Submitted by Meditec on Thu, 07/06/2017 - 18:04
Successful

The health care sector is a perennial growth industry. People will always need medical care and the population is aging, driving more demand for health care services. Health care is also a big field, covering tons of different specialties and careers. You don’t need an expensive medical degree to get a well-paying, rewarding job in the health care industry. There are opportunities in the field for jobs allowing flexible hours, which is convenient for working parents, military spouses, and students. Flexible work schedules help narrow the gender wage gap, promote a healthy work-life balance, and increase employee retention. Nursing Assistants and Health Information Managers can work part time, and Coding Policy Analysts and Medial Transcriptionists can telecommute. Medical Coder, Documentation Specialist, and Medical Records Specialist are other positions with the opportunity for flexible schedules. There are a few skills to master to be successful at a flexible job:

  • Be realistic: While the job may have flexible hours, your employers still have a business to run. There may be times when they cannot be flexible. Agreeing to come in on your off time occasionally will promote good will, and bosses and co-workers are more likely to accommodate your schedule. But also, don’t let employers take advantage of you.
  • Be organized: Flexible hours can also mean irregular hours depending on your schedule. You need to have your personal and professional tasks organized so you’re ready to go when it’s time to work and don’t forget things.
  • Be disciplined: Just because you work flexible hours, it doesn’t mean you can slack. Always show up and clock out on time, and stay focused and productive through your entire shift. If you’re telecommuting, self-discipline is even more important. It’s so easy to get distracted at home when there are no co-workers or bosses around. You must treat it as a real job and set up a traditional work station, separate from other rooms if possible.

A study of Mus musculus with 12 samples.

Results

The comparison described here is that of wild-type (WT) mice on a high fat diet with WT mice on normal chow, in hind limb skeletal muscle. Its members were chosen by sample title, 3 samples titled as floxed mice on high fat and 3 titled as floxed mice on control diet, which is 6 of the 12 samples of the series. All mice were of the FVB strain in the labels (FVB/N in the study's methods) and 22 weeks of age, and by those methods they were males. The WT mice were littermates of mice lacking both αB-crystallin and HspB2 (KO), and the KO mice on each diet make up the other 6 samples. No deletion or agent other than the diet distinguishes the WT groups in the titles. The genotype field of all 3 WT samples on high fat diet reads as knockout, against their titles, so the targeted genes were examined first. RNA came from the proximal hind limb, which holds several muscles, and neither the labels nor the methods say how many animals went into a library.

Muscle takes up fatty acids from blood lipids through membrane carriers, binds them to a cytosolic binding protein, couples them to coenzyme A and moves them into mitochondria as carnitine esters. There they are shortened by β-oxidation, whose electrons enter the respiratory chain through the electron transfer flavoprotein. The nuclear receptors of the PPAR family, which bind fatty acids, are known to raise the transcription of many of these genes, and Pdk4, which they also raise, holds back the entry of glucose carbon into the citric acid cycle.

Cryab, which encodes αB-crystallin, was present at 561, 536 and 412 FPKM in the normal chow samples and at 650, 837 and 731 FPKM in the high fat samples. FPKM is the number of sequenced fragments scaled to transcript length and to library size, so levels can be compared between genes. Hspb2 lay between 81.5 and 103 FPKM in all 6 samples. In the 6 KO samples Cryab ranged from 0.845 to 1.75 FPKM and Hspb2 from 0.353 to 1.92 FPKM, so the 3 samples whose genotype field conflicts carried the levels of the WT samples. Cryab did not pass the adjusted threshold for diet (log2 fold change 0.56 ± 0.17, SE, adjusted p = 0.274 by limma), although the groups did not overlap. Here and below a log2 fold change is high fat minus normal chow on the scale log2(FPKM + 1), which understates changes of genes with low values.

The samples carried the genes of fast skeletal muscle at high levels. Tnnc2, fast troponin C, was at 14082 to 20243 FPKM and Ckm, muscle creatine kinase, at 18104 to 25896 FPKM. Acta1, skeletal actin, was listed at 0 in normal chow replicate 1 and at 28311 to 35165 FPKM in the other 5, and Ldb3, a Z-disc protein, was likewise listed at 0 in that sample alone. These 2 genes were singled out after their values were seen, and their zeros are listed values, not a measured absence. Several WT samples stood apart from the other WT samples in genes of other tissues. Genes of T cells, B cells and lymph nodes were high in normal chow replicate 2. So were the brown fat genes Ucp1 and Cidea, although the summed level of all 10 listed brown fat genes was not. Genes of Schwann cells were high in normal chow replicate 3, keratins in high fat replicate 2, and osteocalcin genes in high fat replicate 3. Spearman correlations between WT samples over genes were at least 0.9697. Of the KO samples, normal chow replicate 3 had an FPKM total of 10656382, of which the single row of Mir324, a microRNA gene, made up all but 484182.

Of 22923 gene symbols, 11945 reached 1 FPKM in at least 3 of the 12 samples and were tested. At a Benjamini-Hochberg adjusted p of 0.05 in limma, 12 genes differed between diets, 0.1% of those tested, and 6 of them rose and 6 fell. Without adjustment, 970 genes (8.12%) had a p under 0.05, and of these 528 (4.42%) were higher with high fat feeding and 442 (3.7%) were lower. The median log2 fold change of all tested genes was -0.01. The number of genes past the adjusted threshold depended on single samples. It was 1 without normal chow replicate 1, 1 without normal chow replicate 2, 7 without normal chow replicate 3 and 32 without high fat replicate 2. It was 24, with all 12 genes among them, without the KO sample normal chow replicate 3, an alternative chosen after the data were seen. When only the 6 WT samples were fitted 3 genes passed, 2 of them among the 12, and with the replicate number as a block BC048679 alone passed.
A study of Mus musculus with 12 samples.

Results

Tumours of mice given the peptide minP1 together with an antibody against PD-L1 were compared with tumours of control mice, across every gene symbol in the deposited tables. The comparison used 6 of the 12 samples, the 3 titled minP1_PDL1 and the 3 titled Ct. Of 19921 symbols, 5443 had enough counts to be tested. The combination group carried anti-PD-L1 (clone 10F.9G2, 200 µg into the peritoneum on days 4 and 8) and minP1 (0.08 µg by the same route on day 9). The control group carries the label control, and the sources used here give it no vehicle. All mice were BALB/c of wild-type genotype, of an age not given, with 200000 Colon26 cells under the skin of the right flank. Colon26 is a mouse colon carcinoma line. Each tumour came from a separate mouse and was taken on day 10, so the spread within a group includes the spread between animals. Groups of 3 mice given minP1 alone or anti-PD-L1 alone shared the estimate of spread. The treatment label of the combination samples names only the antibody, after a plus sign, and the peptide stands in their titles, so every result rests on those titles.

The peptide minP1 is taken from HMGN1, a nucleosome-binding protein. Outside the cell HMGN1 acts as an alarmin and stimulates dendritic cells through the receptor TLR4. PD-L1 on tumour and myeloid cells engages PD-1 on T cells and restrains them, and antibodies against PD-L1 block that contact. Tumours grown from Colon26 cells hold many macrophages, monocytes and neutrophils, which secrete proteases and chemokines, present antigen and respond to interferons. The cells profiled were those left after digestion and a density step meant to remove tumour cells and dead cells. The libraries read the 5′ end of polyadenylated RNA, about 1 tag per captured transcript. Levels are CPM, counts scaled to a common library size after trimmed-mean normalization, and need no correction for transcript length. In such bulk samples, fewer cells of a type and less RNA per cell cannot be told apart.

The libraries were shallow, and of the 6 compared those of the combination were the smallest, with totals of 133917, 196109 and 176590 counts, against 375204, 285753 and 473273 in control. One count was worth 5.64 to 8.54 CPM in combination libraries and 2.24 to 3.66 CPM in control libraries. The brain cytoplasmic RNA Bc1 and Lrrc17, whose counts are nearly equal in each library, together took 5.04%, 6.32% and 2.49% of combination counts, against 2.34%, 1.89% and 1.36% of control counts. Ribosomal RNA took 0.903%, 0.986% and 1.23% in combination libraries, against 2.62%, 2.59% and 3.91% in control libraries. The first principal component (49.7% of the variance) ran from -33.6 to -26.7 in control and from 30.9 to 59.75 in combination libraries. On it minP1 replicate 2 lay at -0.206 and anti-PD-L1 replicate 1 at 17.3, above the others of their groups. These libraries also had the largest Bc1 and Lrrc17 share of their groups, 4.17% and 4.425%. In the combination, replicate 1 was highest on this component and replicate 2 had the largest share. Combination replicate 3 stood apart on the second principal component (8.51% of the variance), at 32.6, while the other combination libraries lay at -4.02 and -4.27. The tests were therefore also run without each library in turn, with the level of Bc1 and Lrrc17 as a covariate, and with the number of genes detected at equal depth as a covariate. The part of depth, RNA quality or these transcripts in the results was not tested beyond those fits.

• Be sympathetic: Your co-workers who don’t have the luxury of flexible hours may deal with increased stress and challenges. Be willing to help them, perhaps covering their shifts when they have an emergency.
  • Be a team player: If possible attend staff meetings, team building exercises, retreats, charity events, and staff parties. While you may not be there as much, you’re still part of the team. Staying involved, showing up to these events even a little, will improve your standing in the office and position you well for networking and promotion opportunities.
  • Be an excellent time manager: You have less time to complete your work but you’re still expected to be competent and effective. You’re working a flexible schedule often because you have other commitments and responsibilities that make it necessary. This makes skillful time management crucial. There’s no time for texting your friends or scrolling through internet gossip. Create and stick to a schedule that efficiently progresses through necessary daily tasks such as emails so you have enough time for the big stuff.

Other tips include taking advantage of all the available technology to make your job easier and remember to reply promptly to emails. Stay in contact with co-workers to ensure they remember you and to combat cabin fever if you’re working from home.